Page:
Why the Future Can Still Be Bright for High Street Book Retailers

UK high street book retailers have found an innovative new way to fight back against online sellers and ebooks, according to an article in the Independent this weekend.

UK high street book retailers have found an innovative new way to fight back against online sellers and ebooks, according to an article in the Independent this weekend.

Waterstones has signed an exclusive deal that sees in-store customers who buy Peaches, the new Joanne Harris paperback for Monsieur le Curé, also receiving an extra chapter not included in copies sold elsewhere.

Harris says the exclusive chapter can be read either as an epilogue or as "the prologue to an as-yet-unwritten story". Waterstones is hopeful that the extra material will encourage fans to shun online retailers in favour of a visit to the high street.

Waterstones isn't the only bookstore using innovative marketing tactics to compete in the new landscape. Foyles recently sold in-store copies of Alexander McCall Smith's novel Trains and Lovers with a small booklet containing an extra short story by the author.

And independent book retailers are getting in on the act too. Mr B's Emporium of Reading Delights in Bath, twice recent winner of the Independent Bookshop of the Year Award, has also worked with publishers to secure exclusive extras.

It's encouraging to hear of book sellers adapting like this, and its also great to see that independent retailers are able to keep up too. 73 independent bookshops closed in 2012, and as ebook sales doubled to £261m, physical book sales fell from £1.59bn in 2011 to £1.51bn in 2012.

Philip Stone, who monitors sales for The Bookseller, said "ridiculously cheap" ebooks are contributing to the decline in money spent on books, commenting that customers may come to believe that books, like music, have "almost no value".

Because they have higher overheads,it can be extremely difficult for bricks and mortar sellers to compete price wise with their online counterparts, however they also have advantages over them. Tom Tivnan, features editor at The Bookseller says "The place to discover a new book is not on Amazon. It is browsing through a bookshop or a library. Physical bookshops have to survive. Authors and publishers really want to keep bookshops and libraries open. Particularly mid-rank authors, lower down than Joanne Harris or Ian Rankin".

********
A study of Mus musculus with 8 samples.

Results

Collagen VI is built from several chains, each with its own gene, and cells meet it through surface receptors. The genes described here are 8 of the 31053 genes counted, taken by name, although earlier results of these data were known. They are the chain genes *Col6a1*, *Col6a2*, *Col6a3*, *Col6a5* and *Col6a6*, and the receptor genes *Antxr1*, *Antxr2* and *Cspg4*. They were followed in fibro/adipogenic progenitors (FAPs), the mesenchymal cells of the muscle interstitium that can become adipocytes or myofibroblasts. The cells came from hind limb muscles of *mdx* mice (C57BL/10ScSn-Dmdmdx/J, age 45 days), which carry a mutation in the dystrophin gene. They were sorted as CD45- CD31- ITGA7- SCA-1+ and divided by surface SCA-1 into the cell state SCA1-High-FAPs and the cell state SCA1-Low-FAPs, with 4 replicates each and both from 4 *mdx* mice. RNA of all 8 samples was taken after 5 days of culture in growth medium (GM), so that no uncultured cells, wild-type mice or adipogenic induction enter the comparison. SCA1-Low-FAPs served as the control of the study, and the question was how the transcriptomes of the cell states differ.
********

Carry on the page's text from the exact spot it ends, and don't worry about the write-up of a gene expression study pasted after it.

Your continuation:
With authors and publishers onside, I believe there is still be a bright future ahead for book retailers if they think more about what they can offer customers, rather than fixating on price. For example, events such as book signings,author Q&As and poetry readings are great ways to encourage buyers back into the high street and can transform the humble bookshop into a vibrant community hub.

There is also another ray of hope, following the Bookshop Association's recent announcement that there were no reported children's bookshop closures in 2012, a year that saw more opening, including Brentwood's Chicken and Frog and Crouch End's Pickled Pepper. The organisation said such stores were "breathing new life into their high streets".

Whilst some closures are inevitable, I believe there will be a future for years to come for high street bookstores that can adapt. Ebooks cannot compete with the satisfaction gained from seeing physical copies of your favourite books lined up side-by-side on your livingroom bookshelf.